Sarva Mangalam! [may all be well!]

“Devout Tibetans believe that prayer flags literally bless the air passing through them with sacred mantra prayers – these prayers then waft past beings unknowingly caught up in the cyclical wheel of suffering… Such blessed air, it is said, has a calming effect on these unhappy beings, nudging them infinitesimally closer to the liberating teachings of the Buddha with every breath.”

– Wise, T. (2002) Blessings on the Wind. San Francisco, Chronicle Books.
Sarva Mangalam! 5’00” version.

The visual element of Flags (2011) consisted predominantly of one long four and a half minute take of a single cord of Tibetan prayer flags strung across the kora path around the mountain peak of Ganden Buddhist Monastery, near Lhasa, Tibet. The single cord of flags visually resonating with music compositional themes of a fundamental frequency and Cornelius Cardew’s notion of the ‘great chord’ – the work originally produced for an exhibition celebrating the life and work of the composer .

We wanted to work further with both the visual elements and compositional ideas of repeating looped phrases of sound and image in such a way that new combinations of sound and image emerge as the video progresses. A second image stream was added to the original version of Flags, and the 5 minute film repeated to a duration of 10 minutes. The second image stream is also a single take, this time of prayer flags strung on a flagpole at Namtso Lake, Tibet, and with a shorter duration of two minutes which is then reversed and repeated. The intention is that in both image streams there is repetition of imagery, but the differing durations of each meaning that no two combinations of each stream will occur as the visual repetition unfolds.

Flags Two 5’00” version

Tim Howle has written of this second piece, working title: Flags Two (2015);

Previous pieces have been subject to a ‘cartoonification’ of sound where a great deal of sound organisation is aligned to phase – like [the] visual material. This piece is gentle by comparison. The approach attempts limited levels of intervention that chime with the images. The exploitation of the inherent musicality of the images emphasises timelessness and continuity through an improvisational approach, mirroring and counterpointing objects in the image. The limited indeterminate relationship of the layers of musical material allows for shifts with regard to each other, resulting in harmonious and gestural relationships regardless of juxtaposition. Sounds are selected from a limited palette.

Flags Two was premiered in concert performance with live sound diffusion playback at the In Time Symposium, Landscapes and Environments: Experimentation in Sound and Music, Coventry University, England, October 2015. With encouraging critical feedback we continued to work with these same ideas developing a third and final version, initially screened under the working title Flags Three in 2016, with a third strand of sound added and a third image track of prayer flags from Ganden Monastery. With slight amendments to the sound made over the following couple of years, we finally settled on a formal title for the work. Sarva Mangalam! is a Sanskrit phrase, which appears on many versions of prayer flags alongside depictions of various symbolic animals, Buddhist deities and mantras. Tibetans believe the prayers and mantras are blown on the wind, spreading goodwill and compassion to the pervading space and all beings wandering therein.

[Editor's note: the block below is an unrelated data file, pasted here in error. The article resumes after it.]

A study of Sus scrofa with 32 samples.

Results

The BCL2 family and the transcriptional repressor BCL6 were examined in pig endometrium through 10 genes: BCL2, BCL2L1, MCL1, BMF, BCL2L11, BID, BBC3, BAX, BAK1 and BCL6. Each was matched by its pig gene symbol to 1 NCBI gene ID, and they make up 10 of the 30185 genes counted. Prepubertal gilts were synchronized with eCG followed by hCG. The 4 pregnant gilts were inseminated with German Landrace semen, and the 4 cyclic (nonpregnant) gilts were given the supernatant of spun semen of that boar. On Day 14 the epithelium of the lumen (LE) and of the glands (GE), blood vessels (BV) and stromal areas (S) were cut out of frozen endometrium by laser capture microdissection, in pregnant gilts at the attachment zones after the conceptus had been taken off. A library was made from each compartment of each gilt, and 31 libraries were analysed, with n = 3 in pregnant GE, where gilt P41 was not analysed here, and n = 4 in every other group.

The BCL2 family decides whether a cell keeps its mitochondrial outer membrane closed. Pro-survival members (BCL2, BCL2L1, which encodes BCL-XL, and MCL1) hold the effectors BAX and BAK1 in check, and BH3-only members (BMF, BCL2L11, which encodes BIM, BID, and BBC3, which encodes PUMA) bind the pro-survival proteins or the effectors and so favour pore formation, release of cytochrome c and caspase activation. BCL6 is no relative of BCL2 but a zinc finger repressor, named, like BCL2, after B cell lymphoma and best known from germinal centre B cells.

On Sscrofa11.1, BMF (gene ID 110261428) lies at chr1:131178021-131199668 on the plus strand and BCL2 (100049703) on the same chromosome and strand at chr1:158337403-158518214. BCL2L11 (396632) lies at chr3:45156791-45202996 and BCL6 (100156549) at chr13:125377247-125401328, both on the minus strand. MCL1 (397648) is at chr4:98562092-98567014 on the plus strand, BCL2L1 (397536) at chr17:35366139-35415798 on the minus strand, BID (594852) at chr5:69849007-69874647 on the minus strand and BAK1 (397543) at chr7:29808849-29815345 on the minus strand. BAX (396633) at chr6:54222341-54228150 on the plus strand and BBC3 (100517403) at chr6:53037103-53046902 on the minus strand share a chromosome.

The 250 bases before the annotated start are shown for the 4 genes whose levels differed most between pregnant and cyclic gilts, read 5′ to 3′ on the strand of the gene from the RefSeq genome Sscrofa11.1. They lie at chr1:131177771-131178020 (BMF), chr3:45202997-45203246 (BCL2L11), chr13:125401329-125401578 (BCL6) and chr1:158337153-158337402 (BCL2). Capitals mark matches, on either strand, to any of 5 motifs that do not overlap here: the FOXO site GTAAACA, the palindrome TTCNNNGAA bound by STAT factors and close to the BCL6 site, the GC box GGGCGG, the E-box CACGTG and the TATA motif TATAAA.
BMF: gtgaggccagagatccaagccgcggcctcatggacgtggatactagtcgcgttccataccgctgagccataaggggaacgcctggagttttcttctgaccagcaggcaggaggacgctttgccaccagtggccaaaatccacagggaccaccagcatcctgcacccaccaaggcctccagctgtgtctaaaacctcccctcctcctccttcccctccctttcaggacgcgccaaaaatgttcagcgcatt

The end titles are accompanied by a quote from French Buddhist Monk Matthieu Ricard (The Monk and the Philosopher, London: Thorsons 1988):

“Wherever the wind passing over these prayers may go,

may all living beings there be freed from their suffering and the causes of suffering.

May they experience happpiness and the causes of happiness.”

For me this work expands notions of visual music, informed by R. Murray Schafer’s ideas of ‘the Soundscape’, where practices of field recording, soundwalks, acoustic ecology, and the ambient, resonate with this audio-visual composition practice as much as other models and practices of visual music composition. The work draws on substantial filming undertaken since 2005 travelling in China and south-east Asia, and underpinning a wider body of work and planned outputs (see Journeys East and Songtsam).

screenings, presentations, performances

Rediscoveries XI – Sonic Exchange, University of Aberdeen, February 2019

International Computer Music Conference, Daegu, South Korea, August 2018.

New York City Electroacoustic Music Festival, New York, USA, July 2018.

Visual Music 2018 – Noise Floor Experimental Music and Moving Image Festival, Staffordshire University, May 2018.

Paper presentation by T. Howlesingle screen presentation of work: Ambient@40 international conference and concert, Electric Spring Festival, University of Huddersfield, UK, February 2018.

Media Communications and Cultural Studies Association (MeCCSA) Annual Conference, London South Bank University, January 2018

Sound + Environment 2017: Art | Science | Listening | Collaboration, University of Hull, 29 June – 2 July 2017.

International Festival and Conference on Sound in the Arts, Science and Technology; Irish Sound, Science and Technology Association (ISSTA), Dundalk Institute of Technology, Ireland, September, 2017.

Seeing Sound – practice-led research symposium, Bath Spa University, UK, April 2016

Most screenings and concert performances of work have been 10 minute versions of both Flags Two and Sarva Mangalam! However on occasion, and here for online sharing, 5 minute edits of both pieces have been made.